Again, the dative prepositional phrase ties us back into the Beloved, ἠγαπημένῳ, back in v. 6. It could be argued, as already noted earlier on in the series, that this sentence is actually one long run-on sentence, starting at v. 3 and ending at v. 14. However, Nesle-Aland has it punctuated in such a way that it is probably intended to break it up for clarity’s sake. In terms of our translation it will be punctuated similarly, but it ought to be noted that it is linked with v. 6.
Linking back to ἠγαπημένῳ, Paul writes that it is in Christ (dative of sphere) that his recipients heard the word of truth and heard the message of their salvation. In addition, it was also in Christ (again, dative of sphere) that Paul’s recipients believed. Hearing and believing are contemporaneous to the main verb ἐσφραγίσθητε, thus indicating that all three happened at the same time.
The recipients were sealed. This sealing was done by the Holy Spirit. “Sealed,” ἐσφραγίσθητε, is the idea of being confirmed or authenticated. Christians are “sealed” by the Holy Spirit in the sense that the Holy Spirit authenticates their position as followers of Christ; in other words, the Holy Spirit validates their claim to discipleship of Christ. If one has the Holy Spirit, they are a true believer–they are sealed. Paul identifies what they were sealed for, which we will see by skipping ahead a clause and reading that the recipients were sealed for a ransoming of the obtaining, for the praise of his (meaning God’s) glory. The rough literal rendering of εἰς ἀπολύτρωσιν τῆς περιποιήσεως doesn’t do the phrase justice. It identifies that the recipients were sealed for salvation by the Holy Spirit in Christ. Not only that, but the recipients were sealed for the purpose of the praise of God’s glory. God’s glory is revealed and praised in the fact that he has sealed the recipients through the Holy Spirit in the person of Jesus Christ.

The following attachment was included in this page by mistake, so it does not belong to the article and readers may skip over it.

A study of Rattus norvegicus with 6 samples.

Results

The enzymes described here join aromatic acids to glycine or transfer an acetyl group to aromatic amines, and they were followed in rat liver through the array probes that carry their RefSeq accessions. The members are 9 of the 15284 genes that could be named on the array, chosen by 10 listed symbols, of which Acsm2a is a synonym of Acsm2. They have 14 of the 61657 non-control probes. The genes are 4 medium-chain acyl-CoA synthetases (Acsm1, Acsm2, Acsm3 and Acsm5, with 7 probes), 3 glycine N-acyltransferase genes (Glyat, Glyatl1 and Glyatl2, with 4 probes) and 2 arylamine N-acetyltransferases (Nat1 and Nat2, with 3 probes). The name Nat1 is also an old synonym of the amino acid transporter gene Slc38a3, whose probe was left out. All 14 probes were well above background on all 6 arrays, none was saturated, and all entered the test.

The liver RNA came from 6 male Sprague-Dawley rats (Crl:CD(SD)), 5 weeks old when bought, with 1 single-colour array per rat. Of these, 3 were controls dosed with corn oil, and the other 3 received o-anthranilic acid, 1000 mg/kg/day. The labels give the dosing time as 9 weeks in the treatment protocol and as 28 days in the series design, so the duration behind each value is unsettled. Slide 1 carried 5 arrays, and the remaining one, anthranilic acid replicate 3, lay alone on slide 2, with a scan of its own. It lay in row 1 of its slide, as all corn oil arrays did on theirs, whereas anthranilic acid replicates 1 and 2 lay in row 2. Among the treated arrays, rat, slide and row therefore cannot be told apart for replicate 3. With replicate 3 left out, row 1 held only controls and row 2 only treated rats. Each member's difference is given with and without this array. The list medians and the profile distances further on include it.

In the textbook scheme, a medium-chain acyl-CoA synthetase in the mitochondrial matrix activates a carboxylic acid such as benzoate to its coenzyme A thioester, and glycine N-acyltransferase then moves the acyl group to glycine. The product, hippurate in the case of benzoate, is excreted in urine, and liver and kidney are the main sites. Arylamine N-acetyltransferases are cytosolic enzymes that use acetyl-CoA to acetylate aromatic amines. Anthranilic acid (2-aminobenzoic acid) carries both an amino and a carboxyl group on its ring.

The Holy Spirit—the one who sealed the recipients for redemption—is a deposit of our inheritance. The deposit is money that can be lost if the transaction is not completed. It could be thought that this is evidence for the losing of one’s salvation. However, we must bear in mind who is the purchaser involved. Is it us? Or is it God? Look at verse 7. Jesus Christ by his blood is the purchaser, and he has already made the purchase in full, so the deposit is not lost or forfeited. The Holy Spirit is our deposit for our inheritance. What is our inheritance? It is our salvation, which has been accomplished or purchased by Jesus Christ through his blood.
In whom also when you heard the word of truth, the good news of your salvation, and in whom when you believed, you were sealed by the promised Holy Spirit, who is the deposit of our inheritance, for redemption of the possession of salvation, for the praise of his glory.
In Christ we are sealed for redemption at the same time that we hear and believe the Gospel. We are sealed by the Holy Spirit, who is our deposit for our salvation, and we have been sealed for salvation and for the glory of God. The Holy Spirit living within us is proof of our salvation, which is the glory of God. We do not offer up the deposit for our salvation, nor do we seal ourselves for salvation, for it is God who does all the salvific work when we hear and believe.